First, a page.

School girls on Ebeye in the Marshall Islands.
Much of the population of Ebeye is under 18 years of age, and there are few employment opportunities
Homes are often little more than plywood and corrugated metal siding, making them susceptible to the region’s severe storms.
Deonaire Keju, a vice principal at an Ebeye elementary and middle school, with a teacher and her class. Keju says his school hopes to expand access to the Internet, but government funding is limited.
A school on Ebeye, one of many in Micronesia affiliated with a religious group.
One of the best things about Ebeye is the friendliness of the Marshallese youth.
Most schools require uniforms and these boys are no exception.
For many Marshallese, education offers a path to a better life. Many come to the U.S. to enroll in college.
Poverty is widespread in Ebeye, like this ocean-side abode where litter and debris pile up.
A girl on Ebeye has a happy moment playing with a broom.
Health concerns are a serious problem on Ebeye where sanitation is sometimes sketchy.
A goal of Disability Week on Ebeye, held annually in earlier December, is to reduce the stigma of the deaf and blind and others challenges.
The mayor of Ebeye, Johnny Lemari, is a guest of honor at the Disability Week ceremony.
An abandoned bus on Ebeye’s causeway.
A boy on his scooter on Ebeye. Parts of the Marshall Islands receive heavy rainfall.
There are active efforts to bring greater awareness of the importance of health to Marshallese. Diabetes, cancer, tuberculosis and even leprosy afflict many islanders.
Besides faith, family is at the core of Marshallese life.
The lagoon in Kwajalein, the largest coral atoll in the world. The Reagan Ballistic Missile Defense Test Site, seen in the distance, is a primary reason why the U.S. wants to keep defensive control over the three Compact of Free Association nations.
A soldier at the U.S. military base on Kwajalein.
Tom Armbruster, the U.S. ambassador to the Republic of the Marshall Islands, with embassy staff on Majuro.
Dean Langinbelik, a member of the Rongelap Council, in Majuro in the Marshalls. He longs to return to Rongelap, but it remains too dangerous because of remaining contamination from nuclear testing.
Students at the College of the Marshall Islands on Majuro. There are only a few institutions of higher learning in Micronesia, so many come to the U.S. for college.
Assumption School, a Catholic school on Majuro.
Many Marshallese students are eager and ready to learn.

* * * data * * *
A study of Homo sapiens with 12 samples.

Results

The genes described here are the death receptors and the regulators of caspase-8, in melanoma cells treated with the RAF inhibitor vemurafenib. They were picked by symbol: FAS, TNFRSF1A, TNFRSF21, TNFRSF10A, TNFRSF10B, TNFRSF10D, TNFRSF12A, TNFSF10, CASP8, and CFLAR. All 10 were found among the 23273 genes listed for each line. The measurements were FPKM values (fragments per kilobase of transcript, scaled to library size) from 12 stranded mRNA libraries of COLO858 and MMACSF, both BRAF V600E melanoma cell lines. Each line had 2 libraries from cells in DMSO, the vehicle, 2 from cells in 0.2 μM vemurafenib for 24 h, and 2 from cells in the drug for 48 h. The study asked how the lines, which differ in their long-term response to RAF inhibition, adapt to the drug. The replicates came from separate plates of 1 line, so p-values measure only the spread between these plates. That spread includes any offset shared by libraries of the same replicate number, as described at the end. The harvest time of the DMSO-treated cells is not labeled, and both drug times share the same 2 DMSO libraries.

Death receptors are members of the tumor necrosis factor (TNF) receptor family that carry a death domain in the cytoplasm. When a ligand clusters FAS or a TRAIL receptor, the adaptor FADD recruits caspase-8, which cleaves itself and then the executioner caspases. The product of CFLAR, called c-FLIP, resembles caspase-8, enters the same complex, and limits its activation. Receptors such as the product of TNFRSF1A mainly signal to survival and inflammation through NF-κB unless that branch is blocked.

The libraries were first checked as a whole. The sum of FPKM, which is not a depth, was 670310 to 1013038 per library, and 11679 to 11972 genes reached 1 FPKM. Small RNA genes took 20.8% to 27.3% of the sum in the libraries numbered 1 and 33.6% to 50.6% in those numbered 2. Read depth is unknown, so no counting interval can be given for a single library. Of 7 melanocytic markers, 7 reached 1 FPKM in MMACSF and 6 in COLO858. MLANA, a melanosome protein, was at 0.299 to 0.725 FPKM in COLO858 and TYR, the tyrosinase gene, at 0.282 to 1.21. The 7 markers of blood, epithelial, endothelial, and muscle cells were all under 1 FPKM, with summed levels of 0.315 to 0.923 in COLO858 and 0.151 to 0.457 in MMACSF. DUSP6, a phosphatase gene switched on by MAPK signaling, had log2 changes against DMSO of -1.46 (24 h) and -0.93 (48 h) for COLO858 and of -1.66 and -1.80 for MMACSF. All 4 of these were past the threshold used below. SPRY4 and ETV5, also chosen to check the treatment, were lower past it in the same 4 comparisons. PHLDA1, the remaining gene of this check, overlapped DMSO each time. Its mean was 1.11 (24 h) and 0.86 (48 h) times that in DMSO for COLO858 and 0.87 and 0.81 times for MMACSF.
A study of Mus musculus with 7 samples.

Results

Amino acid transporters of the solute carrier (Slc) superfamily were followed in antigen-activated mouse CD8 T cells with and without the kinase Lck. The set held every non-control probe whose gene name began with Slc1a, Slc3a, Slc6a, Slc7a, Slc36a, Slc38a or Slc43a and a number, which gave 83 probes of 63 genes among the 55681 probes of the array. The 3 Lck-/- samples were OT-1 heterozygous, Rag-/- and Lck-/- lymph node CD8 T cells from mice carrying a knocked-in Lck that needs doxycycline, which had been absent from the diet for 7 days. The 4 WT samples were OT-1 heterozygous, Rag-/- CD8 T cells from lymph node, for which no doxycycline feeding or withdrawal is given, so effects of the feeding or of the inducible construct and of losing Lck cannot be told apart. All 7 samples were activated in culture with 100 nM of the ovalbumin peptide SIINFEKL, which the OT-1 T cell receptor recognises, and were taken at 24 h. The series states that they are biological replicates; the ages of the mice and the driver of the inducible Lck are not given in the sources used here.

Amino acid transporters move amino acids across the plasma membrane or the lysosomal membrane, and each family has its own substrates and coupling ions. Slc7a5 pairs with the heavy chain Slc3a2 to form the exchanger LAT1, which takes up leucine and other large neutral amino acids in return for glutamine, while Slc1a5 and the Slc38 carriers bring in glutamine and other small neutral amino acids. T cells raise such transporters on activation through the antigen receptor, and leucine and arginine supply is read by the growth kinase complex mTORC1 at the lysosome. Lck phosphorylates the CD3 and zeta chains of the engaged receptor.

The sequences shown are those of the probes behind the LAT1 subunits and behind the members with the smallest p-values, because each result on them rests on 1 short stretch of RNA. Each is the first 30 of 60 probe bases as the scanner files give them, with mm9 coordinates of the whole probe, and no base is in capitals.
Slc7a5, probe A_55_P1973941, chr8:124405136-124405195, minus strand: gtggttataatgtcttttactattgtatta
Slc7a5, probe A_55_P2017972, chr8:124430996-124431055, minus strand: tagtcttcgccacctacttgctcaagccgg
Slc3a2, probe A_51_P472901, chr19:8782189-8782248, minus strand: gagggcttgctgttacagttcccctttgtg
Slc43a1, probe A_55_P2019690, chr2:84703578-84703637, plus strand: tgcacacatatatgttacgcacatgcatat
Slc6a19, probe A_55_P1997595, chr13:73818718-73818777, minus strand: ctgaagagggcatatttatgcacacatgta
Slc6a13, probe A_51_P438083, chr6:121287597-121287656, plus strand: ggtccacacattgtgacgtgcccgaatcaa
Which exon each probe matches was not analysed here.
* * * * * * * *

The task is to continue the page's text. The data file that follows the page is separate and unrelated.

It’s likely that most Americans have never heard of Majuro, though it is a part of U.S. history.
Empty homes and abandoned structures are a familiar sight in much of Micronesia.
Jack Niedenthal, the Bikini liaison, in his Majuro office, holding a photo of one of the U.S. nuclear explosions in the atoll.
Colorful walls abound on the islands, and long, floral-print dresses are common attire that many Micronesians bring with them when they relocate to the U.S..
American popular culture is everywhere in Micronesia, like on this backpack.
Families are strong and tight-knit in Micronesia and multiple members often migrate together, even if it’s just to seek health care for an elderly parent in the U.S.
Kathy Jetnil-Kijiner, a poet and professor at the College of the Marshall Islands on Majuro, has written about the threat of global warming to her islands and racism toward Micronesians in Hawaii.
Brian Kirk, a dive captain on Majuro, believes there is potential to grow the tourism industry. Ocean sports could prove an attraction.
Christianity is the popular religion in Micronesia.
Some graveyards built along the ocean are falling in the sea due to erosion and climate change.
Cemeteries are a resting place for the dead but also a playground for the young.
You won’t find luxury items on Majuro, but you will find what you need to meet most needs.
Giff Johnson, editor of the Marshall Islands Journal, has written extensively of the impact of nuclear testing on the Marshalls and the economic challenges — and possibilities — facing the region.
Copra was once the dominant crop in the Marshalls. Today, some are hoping to revive the industry.
The smiles of Marshallese kids come easily, once they become comfortable with strangers.
Majuro Lagoon is full of commercial boats, helped by a registry system that contributes several million dollars annually to the Republic of the Marshall Islands.
Andy Bill, a Bikinian living on Majuro, helps distribute government payments to his fellow islanders.
Isao Ekniang, executive Council member of Rongelap, on Majuro, wants to return to his home island. But high radiation levels in the soil prevent him.
Nerje Joseph was a child when a nuclear detonation on neighboring Bikini sent radioactive fallout to her home on Rongelap.
At low tide, Marshallese walk back and forth between Ejit island and Majuro island.